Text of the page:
Nina Foch, the Dutch-born actress who often played cool, calculating women in films, theater and television and was a respected coach of aspiring actors and directors, has died. She was 84.
Foch died Friday at the Ronald Reagan UCLA Medical Center of complications from the blood disorder myelodysplasia, her son, Dr. Dirk De Brito, told the Los Angeles Times. She became ill last week while teaching at the University of Southern California's School of Cinematic Arts.
Foch had taught at the school for 40 years. In her youth, she was a concert pianist and painter before taking up acting studies at the American Academy of Dramatic Arts in New York City.
After appearing in summer theater productions and touring companies, she moved to Hollywood and signed a contract with Columbia Pictures, where she made her movie debut in 1943's "Wagon Wheels West."
Although she never achieved star status, Foch became a distinguished supporting player, often as "the other woman" or figures of wealth and connivance. She was nominated for an Academy Award for supporting actress for "Executive Suite" in 1955.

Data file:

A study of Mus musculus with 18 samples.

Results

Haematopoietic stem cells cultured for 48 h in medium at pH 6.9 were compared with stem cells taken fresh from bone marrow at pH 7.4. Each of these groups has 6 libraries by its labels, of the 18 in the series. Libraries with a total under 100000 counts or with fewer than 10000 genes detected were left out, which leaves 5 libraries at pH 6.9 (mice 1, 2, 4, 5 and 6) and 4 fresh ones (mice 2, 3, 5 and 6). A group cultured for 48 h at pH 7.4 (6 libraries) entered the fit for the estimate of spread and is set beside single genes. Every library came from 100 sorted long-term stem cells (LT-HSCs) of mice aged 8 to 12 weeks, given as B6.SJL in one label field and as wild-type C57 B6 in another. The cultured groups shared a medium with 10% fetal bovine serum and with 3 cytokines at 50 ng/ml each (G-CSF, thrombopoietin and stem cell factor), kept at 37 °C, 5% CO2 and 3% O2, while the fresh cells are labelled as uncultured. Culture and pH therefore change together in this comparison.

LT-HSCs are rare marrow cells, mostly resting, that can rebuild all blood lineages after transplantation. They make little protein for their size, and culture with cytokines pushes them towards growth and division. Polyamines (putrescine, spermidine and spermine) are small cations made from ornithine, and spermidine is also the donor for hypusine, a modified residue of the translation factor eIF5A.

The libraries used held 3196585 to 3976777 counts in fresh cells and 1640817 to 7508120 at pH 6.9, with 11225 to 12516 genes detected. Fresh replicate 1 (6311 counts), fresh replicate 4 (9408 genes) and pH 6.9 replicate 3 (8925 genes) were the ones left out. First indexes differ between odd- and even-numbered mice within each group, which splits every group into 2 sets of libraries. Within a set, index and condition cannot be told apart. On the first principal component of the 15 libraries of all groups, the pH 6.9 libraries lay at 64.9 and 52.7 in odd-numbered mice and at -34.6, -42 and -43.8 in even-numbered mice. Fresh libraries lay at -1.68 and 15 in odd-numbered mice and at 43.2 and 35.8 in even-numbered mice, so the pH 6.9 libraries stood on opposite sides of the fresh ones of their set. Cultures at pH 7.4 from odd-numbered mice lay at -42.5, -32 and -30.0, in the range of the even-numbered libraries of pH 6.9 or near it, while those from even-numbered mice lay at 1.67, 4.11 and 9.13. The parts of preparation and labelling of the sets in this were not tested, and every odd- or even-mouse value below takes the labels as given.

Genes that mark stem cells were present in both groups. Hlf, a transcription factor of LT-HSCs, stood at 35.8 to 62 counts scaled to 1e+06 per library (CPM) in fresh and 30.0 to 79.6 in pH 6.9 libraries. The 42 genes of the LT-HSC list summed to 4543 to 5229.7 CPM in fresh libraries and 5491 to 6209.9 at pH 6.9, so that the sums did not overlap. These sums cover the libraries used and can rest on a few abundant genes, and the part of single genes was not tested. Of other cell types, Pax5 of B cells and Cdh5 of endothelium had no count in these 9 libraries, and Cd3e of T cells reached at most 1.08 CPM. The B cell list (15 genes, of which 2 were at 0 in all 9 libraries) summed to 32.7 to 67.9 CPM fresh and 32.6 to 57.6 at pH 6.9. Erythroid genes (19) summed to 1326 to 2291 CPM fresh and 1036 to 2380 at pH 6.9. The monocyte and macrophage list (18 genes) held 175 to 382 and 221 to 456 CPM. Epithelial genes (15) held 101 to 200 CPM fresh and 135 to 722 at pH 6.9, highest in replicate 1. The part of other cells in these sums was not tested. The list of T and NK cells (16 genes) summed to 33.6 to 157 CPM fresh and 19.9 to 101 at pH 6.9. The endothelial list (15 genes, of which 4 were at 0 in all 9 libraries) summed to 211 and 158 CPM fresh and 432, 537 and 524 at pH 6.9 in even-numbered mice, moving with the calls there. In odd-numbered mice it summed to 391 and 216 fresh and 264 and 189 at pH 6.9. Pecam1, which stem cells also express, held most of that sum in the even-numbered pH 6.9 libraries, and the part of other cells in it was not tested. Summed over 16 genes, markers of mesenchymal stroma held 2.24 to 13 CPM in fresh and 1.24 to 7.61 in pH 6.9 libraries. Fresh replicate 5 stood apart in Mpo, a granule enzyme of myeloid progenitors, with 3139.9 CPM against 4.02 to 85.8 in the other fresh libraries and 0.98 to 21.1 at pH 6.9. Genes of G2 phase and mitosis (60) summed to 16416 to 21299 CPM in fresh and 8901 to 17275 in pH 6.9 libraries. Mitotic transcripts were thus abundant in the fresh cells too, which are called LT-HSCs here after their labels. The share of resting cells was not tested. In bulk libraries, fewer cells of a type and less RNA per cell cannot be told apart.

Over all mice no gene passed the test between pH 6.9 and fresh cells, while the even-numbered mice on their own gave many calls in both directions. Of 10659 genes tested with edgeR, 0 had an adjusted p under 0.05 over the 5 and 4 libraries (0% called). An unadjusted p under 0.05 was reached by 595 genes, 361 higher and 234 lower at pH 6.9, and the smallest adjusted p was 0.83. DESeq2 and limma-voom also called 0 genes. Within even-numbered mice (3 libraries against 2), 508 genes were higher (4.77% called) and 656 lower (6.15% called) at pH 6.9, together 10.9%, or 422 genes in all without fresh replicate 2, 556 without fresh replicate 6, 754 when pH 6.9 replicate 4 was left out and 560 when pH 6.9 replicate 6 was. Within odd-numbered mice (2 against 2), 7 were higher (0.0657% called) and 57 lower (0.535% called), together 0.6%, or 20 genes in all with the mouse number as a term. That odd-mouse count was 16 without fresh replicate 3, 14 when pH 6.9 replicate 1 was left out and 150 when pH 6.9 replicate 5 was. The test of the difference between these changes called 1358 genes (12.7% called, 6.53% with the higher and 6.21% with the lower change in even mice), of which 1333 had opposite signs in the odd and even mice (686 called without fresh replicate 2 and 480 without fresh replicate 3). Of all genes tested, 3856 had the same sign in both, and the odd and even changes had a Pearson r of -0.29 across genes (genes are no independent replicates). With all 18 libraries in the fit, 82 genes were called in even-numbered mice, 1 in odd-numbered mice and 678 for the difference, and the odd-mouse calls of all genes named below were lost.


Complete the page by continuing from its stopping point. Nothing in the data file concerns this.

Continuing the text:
Other film credits included "The Ten Commandments," "Spartacus," "Rich and Famous" and "Sliver."
On Broadway, she performed in "Tonight at 8:30," "A Second String," "Twelfth Night" and "King Lear," and on television she appeared in "Murder, She Wrote," "The Outer Limits," "Hawaii 5-0," "L.A. Law" and "Just Shoot Me." She appeared last year in an episode of "The Closer."
Foch was born on April 20, 1924, in Leyden, Netherlands, as Nina Consuelo Maud Fock. She was the daughter of conductor-composer Dirk Fock, who moved the family to New York when she was a child. Her mother, Consuelo Flowerton, became a well-known actress in New York, and Nina followed her into the theater world.
Foch said in a 1992 interview that she wanted to diversify her career by directing. She worked as an assistant to producer John Houseman and with directors George Stevens, Ron Woodward, and Randal Kleiser, but she eventually gave up that ambition in favor of teaching.
"I love them and they love me," she once said of her students. "I have one son, but I really don't. I have hundreds of children."
Foch's son is from her second marriage, to Dennis Brite. She married and divorced three times.